Friday, April 27, 2012

Full (of it) Disclosure

It is a favorite tactic of the Housing Cause Denialists to claim that the Community Reinvestment Act had nothing to do with causing the financial crisis because, for one, CRA lending by banks was too small to matter much.  But Peter Wallison and Ed Pinto are on the job;
...there are plentiful data on commitments by large banks to make CRA-type loans in connection with applications to the Fed for permission to merge with small and medium-sized institutions between 1997 and 2007. In a 2007 report, for example, the National Community Reinvestment Coalition (NCRC) reported that in this ten-year period its member organizations had induced banks that were seeking merger approvals from the Fed and other agencies to commit almost $4.5 trillion in CRA-type lending. Press releases at the time these mergers were approved (available online) backed up this claim. After this report received publicity, it was pulled from NCRC’s website, though it is now available elsewhere on the web.[13] These report loans totaling $1.3 trillion made to fulfill prior commitments,[14] but determining the delinquency rates on these loans is impossible; banks have generally refused to make these data available, and the Financial Crisis Inquiry Commission (FCIC)—established by Congress to investigate the causes of the 2008 financial crisis—did not seriously attempt to investigate this issue.
Though that hasn't stopped the chairman of that commission, Phil Angelides, from claiming that he knows the figure to be small.  Nor that it was really not government sponsored enterprises and agencies that were responsible for the bulk of the problem.  Again, Wallison and Pinto refute the baloney;

Between 2002 and 2006, the private market for PMBS ['private' mortgage backed securities] backed by subprime loans grew substantially. One myth about the this period—accepted and repeated by the FCIC and many others—is that private mortgage securitizations took a larger share of the market between 2004 and 2006 than Fannie and Freddie. However, this is true only if one ignores the purchases of private-label securities by Fannie and Freddie to meet their AH goals. Between 2004 and 2006, Fannie and Freddie bought about 20 percent, or $613 billion, of the private mortgage securitizations tracked by the FCIC. These securities should be attributed to Fannie and Freddie rather than the private sector because they were created to meet the GSEs’ demand. In that case, the GSEs’ own issuances, plus the PMBS they acquired, totaled $3.2 trillion, compared to $2.6 trillion in private issuances over the same period. Thus, the private-sector market share of securitizations never exceeded GSEs issuances between 2004 and 2006.[18]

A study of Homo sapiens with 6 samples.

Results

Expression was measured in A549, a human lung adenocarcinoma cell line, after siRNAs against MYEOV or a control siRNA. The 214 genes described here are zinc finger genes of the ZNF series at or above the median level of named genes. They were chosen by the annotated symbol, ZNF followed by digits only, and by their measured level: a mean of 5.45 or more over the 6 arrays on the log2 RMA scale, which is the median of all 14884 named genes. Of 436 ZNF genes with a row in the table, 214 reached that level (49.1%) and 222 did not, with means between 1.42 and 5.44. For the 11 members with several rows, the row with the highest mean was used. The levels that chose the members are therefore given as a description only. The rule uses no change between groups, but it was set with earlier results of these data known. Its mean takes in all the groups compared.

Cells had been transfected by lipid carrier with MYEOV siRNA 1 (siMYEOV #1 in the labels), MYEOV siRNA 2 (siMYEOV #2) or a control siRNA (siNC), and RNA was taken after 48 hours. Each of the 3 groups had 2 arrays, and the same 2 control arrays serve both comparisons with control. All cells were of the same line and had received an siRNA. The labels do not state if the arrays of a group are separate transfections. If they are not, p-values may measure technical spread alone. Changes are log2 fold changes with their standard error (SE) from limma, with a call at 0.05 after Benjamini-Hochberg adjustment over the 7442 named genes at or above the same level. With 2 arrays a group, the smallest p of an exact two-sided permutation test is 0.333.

....Underlying the giant housing bubble that drew them in was a government investment that in 2008 consisted of 20.4 million subprime and other risky loans—about three times the size of the PMBS market. If the government had not created a ten-year bubble by making massive investments in subprime and other low-quality mortgages, the private sector would never have been drawn into the subprime market in such a significant way. The weakening of financial institutions in the mortgage meltdown—and the resulting financial crisis—would never have occurred.
Even Nobel prize winning economist Paul Krugman fell for the sleight of hand described in the above.  Of course, Krugman, in July of 2008, also wrote in the NY Times that the GSEs couldn't have been responsible for the housing bubble that had burst because it was illegal for them to even deal in sub-prime mortgages.  At the time they held between one and two trillion dollars of such.